The Project Management System I Hated at First, but Grew to Love
I am a gal who loves tools.
From paper planners, Google Calendar, to Bonsai, my invoicing system - I’m dedicated to finding efficiency anywhere I can get it. The issue is that in today’s world, tools are a dime a dozen, and it’s hard to sift through the myriad apps and find The One. Honestly, finding my husband was easier than finding the perfect project management system.
Tech-savvy should be my middle name, as I never really have a hard time adjusting to a new system for a new client. Because of that, I can be a bit of a chameleon for clients in general, but when it comes to my own workflow and working with my collaborates, which system do I use?
Basecamp was my first love, but didn’t last.
Unfortunately, while Basecamp is an amazing tool for keeping files, chats, and to-dos in one place, I felt that the individual posts got confusing. You’d forget where you made that one comment, and misunderstand whether you’re supposed to update on a to-do or on a chat itself. I still use Basecamp when working with Shopify-savvy coders Taproom, but when I’m flying solo, it was struck from the list.
Paymo is solid, but ultimately too much.
I use Paymo when working with Inspry, a dev and design agency who has me working on great UX and custom web projects. They utilize Paymo, a system that integrates time tracking, invoicing, and a great flow for taking a task from to-do to internal approval to finished. Unfortunately for my personal use, Paymo works best with a large, time-tracking team.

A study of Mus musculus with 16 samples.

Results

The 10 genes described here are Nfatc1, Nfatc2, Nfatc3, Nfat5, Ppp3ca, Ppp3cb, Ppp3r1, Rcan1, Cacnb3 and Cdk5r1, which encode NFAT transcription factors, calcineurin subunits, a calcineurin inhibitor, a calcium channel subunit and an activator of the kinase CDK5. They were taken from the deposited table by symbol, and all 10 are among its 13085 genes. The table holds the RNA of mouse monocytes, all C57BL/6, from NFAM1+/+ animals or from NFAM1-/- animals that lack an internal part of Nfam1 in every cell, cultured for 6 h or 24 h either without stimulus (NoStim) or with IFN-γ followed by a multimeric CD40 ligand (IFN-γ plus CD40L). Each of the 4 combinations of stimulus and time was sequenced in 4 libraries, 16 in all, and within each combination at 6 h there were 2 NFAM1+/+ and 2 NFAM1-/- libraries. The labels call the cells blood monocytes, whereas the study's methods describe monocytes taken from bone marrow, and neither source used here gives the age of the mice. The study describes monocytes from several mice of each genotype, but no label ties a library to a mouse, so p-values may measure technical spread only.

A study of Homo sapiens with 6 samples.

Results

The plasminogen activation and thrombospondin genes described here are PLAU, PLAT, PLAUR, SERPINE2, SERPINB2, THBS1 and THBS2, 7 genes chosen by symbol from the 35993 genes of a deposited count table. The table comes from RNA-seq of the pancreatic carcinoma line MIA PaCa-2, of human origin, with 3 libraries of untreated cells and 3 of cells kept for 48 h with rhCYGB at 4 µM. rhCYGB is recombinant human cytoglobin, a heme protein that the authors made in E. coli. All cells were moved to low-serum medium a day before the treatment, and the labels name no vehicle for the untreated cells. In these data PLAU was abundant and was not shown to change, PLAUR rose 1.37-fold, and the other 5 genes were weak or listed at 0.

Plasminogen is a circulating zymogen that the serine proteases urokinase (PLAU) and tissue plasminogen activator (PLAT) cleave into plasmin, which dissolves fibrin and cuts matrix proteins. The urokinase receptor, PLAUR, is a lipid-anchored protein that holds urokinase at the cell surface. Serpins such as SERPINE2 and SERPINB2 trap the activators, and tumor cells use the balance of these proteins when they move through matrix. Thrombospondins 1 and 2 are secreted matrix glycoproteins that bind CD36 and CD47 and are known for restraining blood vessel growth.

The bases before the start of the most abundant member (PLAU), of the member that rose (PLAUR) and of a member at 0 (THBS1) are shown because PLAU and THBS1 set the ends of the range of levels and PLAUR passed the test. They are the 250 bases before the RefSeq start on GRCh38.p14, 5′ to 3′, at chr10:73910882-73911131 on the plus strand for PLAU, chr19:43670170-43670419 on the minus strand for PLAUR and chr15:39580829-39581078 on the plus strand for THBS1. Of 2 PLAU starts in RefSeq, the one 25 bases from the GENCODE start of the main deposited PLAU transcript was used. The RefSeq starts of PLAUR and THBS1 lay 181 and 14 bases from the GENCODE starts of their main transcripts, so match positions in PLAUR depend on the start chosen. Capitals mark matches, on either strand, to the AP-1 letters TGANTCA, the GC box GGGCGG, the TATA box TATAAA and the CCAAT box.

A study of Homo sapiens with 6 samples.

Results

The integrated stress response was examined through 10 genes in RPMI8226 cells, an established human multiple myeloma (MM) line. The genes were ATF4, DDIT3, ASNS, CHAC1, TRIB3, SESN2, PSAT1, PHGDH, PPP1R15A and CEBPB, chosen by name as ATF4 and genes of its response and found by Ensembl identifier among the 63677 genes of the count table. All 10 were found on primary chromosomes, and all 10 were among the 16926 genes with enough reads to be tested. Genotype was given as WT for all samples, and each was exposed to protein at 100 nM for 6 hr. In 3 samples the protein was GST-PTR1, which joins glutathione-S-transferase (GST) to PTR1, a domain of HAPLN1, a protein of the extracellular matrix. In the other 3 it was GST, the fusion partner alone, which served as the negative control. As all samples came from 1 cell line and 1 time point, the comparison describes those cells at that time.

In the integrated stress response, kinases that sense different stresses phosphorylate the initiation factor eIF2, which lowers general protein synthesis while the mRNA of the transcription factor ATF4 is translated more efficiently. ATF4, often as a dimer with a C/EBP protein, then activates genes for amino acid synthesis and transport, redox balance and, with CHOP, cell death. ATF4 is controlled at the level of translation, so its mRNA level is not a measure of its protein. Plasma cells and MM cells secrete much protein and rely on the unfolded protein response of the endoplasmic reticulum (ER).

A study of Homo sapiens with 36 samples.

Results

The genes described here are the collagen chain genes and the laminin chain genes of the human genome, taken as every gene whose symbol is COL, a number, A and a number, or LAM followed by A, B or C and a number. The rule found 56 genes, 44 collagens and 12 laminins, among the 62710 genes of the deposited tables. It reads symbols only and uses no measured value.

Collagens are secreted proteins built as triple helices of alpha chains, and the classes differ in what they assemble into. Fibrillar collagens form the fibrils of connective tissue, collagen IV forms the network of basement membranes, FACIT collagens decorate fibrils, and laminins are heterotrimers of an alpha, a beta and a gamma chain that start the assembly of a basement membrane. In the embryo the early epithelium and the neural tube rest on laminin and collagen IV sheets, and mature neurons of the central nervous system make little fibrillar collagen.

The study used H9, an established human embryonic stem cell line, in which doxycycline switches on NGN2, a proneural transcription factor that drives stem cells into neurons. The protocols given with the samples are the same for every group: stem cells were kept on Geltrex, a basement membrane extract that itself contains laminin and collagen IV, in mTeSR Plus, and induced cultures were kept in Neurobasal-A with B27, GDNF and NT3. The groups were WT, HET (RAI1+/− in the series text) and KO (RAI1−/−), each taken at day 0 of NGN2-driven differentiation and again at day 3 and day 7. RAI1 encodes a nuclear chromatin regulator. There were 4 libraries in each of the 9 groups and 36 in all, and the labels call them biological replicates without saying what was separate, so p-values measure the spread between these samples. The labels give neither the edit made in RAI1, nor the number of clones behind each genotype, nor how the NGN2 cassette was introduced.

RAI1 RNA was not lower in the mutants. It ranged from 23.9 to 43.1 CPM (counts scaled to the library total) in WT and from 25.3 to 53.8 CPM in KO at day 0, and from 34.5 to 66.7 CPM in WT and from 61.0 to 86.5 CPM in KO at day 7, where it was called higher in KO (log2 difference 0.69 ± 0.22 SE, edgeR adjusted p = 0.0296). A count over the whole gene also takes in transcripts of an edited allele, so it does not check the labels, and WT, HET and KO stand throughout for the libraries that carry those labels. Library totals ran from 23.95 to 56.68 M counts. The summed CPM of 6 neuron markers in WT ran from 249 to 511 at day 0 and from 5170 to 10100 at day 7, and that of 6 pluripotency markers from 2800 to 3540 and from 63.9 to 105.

Trello is great, but never fit the aesthetic I needed.
I love Trello and do use it with teams. I love the board format and how easy it is to get projects set up. In my early days as a designer, I used it as a makeshift CRM, dragging items from “emailed” to “Meeting setup” to “client is a GO!” I loved dragging items back and forth, but truly I didn’t see it was a task management tool, but rather a CRM or flow based tool.
Slack is my favorite app, so not applicable for the title of this article, but deserves a shoutout.
I love Slack. Adore Slack. Will name my first child Slack Lopez. Slack is THE chat app for friends and colleagues alike. The different channels help funnel communication and keep conversation on-topic. I use it for all of my organizations and even have one for my own personal friend group! That Slack has been through some things.
Then, I found Asana.
At first, I resisted Asana. The app seemed complex, with too many options, too many places to chat and communicate. I also didn’t understand the difference between teams and projects, and felt that the barrier for entry was too high.
Of course, all it takes is for one client to need me to use it, and then I become a pro. After my first client onboarded me, I was hooked. The flexibility to choose between a list format (for my great task-based items) or the boards (for my makeshift CRM) made it possible for me to fit all sorts of projects into its workflow.
I now use Asana to:
keep my leads organized in a CRM format
assign tasks to my contractors, virtual assistant, and developers
keep a project flow internally
work with several different teams
design white label logos for other teams, and keep those conversations streamlined
Asana’s aesthetic is also second to none. The clean UI and inviting color scheme help me stay focused - and you can set your own background!